Many people have and suffer from bad or marginal credit. This does not mean they are a bad person as bad credit can happen as a result of a sudden unplanned illness or emergency, a job layoff, etc. . . Many families do not have sufficient savings to ride out a serious and costly emergency or job loss. Actually, according to MSN, many families are living only one paycheck away from bankruptcy and this is not good. To stop this one needs to put reigns on all unnecessary spending, but we will talk more about this further on.
The first step anyone with possibly bad credit needs to take is to find out the exact extent of your credit. You may have only seen 1 credit report or only been told what might be on your record by a bank or loan manager or finance manager, but did you know there are really 3 separate credit reporting agencies and each has a different report and score? Just because one credit report shows as bad doesn't necessarily mean the others do, and vice versa, if one is good the other two may be quite the opposite. Usually, as a rule, they are similar, but negative items or entries do tend to stay longer on some then others and some tend to have more errors in their entry reporting.
Go online to any of the three major credit bureaus (Just Google the names of Experian, Equifax, and Transunion) and pay to have your all three in one report with credit score pulled. You want all three as they can and probably will be slightly different. The report is necessary so you can actually measure and understand exactly how bad it is and what needs to be done to improve and fix it. A all three in one report is around $40 to $50 and worth it. Free reports which you can receive per recent federal laws will only give one credit bureau and no score (how do you know where you stand without a score unless you are a finance manager or work at a bank loan department?)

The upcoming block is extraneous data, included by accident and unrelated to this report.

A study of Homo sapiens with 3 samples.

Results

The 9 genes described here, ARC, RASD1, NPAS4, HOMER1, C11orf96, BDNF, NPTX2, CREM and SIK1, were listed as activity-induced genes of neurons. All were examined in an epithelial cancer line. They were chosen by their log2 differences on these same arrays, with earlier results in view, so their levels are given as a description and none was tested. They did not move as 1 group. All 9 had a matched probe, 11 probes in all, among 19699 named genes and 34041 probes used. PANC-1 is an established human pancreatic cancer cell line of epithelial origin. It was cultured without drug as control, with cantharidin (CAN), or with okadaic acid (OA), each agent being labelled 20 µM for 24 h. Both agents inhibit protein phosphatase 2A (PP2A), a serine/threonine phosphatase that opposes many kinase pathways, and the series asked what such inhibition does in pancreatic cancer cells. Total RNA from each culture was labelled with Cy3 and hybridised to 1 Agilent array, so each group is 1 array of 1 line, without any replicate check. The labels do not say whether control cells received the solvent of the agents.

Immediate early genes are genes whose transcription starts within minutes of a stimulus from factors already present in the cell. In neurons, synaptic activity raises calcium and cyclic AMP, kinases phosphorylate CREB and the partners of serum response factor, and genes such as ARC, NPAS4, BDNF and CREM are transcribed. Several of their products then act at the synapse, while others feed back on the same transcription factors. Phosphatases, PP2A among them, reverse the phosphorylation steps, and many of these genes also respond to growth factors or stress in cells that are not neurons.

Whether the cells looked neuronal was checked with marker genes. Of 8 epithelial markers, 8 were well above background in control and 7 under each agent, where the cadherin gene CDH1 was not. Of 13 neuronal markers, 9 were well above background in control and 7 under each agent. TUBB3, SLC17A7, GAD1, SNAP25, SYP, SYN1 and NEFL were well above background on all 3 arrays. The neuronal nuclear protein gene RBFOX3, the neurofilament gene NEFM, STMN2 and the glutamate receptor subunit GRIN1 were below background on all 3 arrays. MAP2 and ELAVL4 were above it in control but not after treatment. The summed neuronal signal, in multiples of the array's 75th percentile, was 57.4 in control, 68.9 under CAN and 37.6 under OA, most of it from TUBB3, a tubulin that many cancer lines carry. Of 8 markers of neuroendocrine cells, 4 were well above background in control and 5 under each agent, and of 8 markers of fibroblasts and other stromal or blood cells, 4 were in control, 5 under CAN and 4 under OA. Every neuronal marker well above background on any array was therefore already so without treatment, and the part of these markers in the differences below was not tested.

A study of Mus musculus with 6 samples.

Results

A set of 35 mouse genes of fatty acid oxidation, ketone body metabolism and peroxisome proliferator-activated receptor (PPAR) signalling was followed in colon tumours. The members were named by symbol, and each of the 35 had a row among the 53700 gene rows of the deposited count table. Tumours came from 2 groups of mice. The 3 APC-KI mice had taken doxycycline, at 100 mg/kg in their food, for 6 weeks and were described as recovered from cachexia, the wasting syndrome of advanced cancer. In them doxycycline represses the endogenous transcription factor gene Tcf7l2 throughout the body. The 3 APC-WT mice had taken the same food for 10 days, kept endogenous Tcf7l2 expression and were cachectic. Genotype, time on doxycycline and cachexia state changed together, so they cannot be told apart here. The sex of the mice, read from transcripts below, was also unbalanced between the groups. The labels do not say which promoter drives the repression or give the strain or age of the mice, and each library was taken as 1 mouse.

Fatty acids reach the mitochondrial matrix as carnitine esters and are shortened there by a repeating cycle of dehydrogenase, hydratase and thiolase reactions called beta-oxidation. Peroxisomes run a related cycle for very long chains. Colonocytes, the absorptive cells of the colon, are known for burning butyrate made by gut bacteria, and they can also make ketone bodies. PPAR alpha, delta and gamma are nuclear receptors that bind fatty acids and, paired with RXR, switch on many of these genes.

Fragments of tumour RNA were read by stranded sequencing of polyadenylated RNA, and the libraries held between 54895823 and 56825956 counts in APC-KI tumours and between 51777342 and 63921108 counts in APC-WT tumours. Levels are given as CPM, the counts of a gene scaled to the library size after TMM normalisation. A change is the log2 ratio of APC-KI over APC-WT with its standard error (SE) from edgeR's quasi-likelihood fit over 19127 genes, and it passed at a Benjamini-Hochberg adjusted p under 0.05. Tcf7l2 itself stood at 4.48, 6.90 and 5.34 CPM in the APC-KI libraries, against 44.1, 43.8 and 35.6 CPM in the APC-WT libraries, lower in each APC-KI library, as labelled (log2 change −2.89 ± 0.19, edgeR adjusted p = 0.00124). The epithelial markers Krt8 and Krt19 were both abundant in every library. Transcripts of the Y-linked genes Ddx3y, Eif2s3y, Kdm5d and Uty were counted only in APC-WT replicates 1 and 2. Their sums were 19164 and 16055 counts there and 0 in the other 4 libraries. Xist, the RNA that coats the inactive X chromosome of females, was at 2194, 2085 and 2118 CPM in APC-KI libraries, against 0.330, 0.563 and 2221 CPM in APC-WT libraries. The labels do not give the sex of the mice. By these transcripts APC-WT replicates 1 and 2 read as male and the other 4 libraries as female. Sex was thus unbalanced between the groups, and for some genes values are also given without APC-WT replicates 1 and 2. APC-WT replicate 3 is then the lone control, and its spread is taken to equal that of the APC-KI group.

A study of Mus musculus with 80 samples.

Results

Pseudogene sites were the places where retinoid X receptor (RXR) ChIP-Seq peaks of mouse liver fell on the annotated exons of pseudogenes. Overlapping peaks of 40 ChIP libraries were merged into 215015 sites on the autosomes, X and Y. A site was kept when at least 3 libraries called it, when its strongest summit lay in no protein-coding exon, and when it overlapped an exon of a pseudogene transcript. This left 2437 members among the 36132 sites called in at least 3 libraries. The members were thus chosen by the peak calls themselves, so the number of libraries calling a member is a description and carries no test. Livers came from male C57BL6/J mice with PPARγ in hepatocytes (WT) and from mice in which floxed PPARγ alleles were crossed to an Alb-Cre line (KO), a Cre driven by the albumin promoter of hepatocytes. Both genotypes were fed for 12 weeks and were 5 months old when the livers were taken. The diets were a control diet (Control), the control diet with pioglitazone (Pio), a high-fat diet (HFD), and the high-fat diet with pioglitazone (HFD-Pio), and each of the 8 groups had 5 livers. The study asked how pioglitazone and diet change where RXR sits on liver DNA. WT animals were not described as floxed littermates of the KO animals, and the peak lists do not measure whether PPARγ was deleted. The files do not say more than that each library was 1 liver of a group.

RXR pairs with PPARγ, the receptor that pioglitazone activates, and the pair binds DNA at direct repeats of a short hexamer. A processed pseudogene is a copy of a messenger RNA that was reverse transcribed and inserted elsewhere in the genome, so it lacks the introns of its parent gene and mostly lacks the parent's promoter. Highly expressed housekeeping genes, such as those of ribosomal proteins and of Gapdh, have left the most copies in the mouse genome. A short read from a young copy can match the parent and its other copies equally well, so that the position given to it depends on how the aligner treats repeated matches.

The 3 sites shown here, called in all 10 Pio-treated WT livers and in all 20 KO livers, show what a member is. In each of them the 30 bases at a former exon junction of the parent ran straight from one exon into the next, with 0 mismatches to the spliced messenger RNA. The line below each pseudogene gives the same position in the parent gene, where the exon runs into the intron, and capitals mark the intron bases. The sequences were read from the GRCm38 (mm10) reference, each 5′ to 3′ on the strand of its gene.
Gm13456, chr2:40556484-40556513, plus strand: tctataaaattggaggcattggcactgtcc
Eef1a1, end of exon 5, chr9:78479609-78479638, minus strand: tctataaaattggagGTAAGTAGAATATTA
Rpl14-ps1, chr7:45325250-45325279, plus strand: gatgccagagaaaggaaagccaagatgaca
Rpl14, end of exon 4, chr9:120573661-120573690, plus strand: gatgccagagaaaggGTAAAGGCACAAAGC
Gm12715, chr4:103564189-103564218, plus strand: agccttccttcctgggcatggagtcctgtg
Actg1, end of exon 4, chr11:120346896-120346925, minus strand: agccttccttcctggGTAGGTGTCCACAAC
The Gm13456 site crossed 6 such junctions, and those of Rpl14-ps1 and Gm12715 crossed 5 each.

If your score is 600 and above your credit is marginal, but not bad. You won't have too much to repair. If your credit is 500 or below you probably have a lot of negative entries, possible tax liens, judgements, repos (car repossessions), a possible bankruptcy, and/or other serious negative influences and entries in your reports. A low or bad credit score will take more work and effort, but you can still achieve a much higher credit rating and fairly quickly.
Now, that you have your credit report and scores, find out which is the most important credit reporting bureau for your area of the country (each bureau has a particular area of influence). The easiest way to do this is to contact your local new car dealer and ask the finance manager what credit report they most commonly use to establish credit. Usually it is only one and that is the one that will be most influential in your area and the first one you should repair.